LCS: First batch reduced to five vessels, says navy chief

Photo by Zahid Izzani Mohd Said/The Edge

Photo by Zahid Izzani Mohd Said/The Edge


“Originally, it was six units of LCS, but when we re-applied and discussed the matter again, we agreed for the vessels to be reduced to five.

“The first batch has been set at five [units]. This decision was made sometime ago when the government decided to continue the LCS project [last year].”

He told reporters this after delivering his maiden speech after being appointed as the 18th Royal Malaysian Navy (RMN) chief at Wisma Pertahanan here on Monday (Jan 30).

Also present were Deputy Chief of Navy Vice-Admiral Datuk Sabri Zali, Western Fleet Commander Vice-Admiral Datuk Abu Bakar Md Ajis, Eastern Fleet Commander Vice-Admiral Datuk Muhammad Ruzelme Ahmad Fahimy and president of National Centre for Defence Studies Vice-Admiral Datuk Zulhelmy Ithnain.

Abdul Rahman said the sixth supplementary agreement on the LCS project would be signed soon to enable the following process to take place and the construction to be carried out as planned.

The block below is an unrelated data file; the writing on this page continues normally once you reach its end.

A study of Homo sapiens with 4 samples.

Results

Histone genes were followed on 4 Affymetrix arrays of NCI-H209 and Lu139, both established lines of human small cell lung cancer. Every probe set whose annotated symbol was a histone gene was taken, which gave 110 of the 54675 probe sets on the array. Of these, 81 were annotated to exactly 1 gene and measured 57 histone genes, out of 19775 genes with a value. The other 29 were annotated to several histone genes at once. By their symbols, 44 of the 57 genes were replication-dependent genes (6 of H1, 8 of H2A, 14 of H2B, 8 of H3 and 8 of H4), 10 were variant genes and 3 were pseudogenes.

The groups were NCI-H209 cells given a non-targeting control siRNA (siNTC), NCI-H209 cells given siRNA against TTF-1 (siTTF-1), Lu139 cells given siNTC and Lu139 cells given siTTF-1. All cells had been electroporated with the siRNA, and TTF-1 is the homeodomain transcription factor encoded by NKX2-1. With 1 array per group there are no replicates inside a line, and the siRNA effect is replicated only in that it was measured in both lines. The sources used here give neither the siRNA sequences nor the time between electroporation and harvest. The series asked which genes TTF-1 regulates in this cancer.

“It is okay now. There is nothing surprising, and we hope we can get these vessels according to schedule [because] we lack high-capacity assets like the LCS.

“With the presence of LCS, it can help us to strengthen [our capability] and carry out our tasks with excellence,” he said.

In the meantime, Abdul Rahman said the procurement of the second batch of littoral mission ship (LMS) would be realised in safeguarding the security and sovereignty of the country’s waters.

“We hope the application can be approved this year to enable us to carry out the procurement process, with every vessel to take at least three years to complete.

“This time, we need LMS with combat capability. That’s a significant difference from the four LMS we’ve acquired from China. For starters, we requested three units [for the second batch],” he said.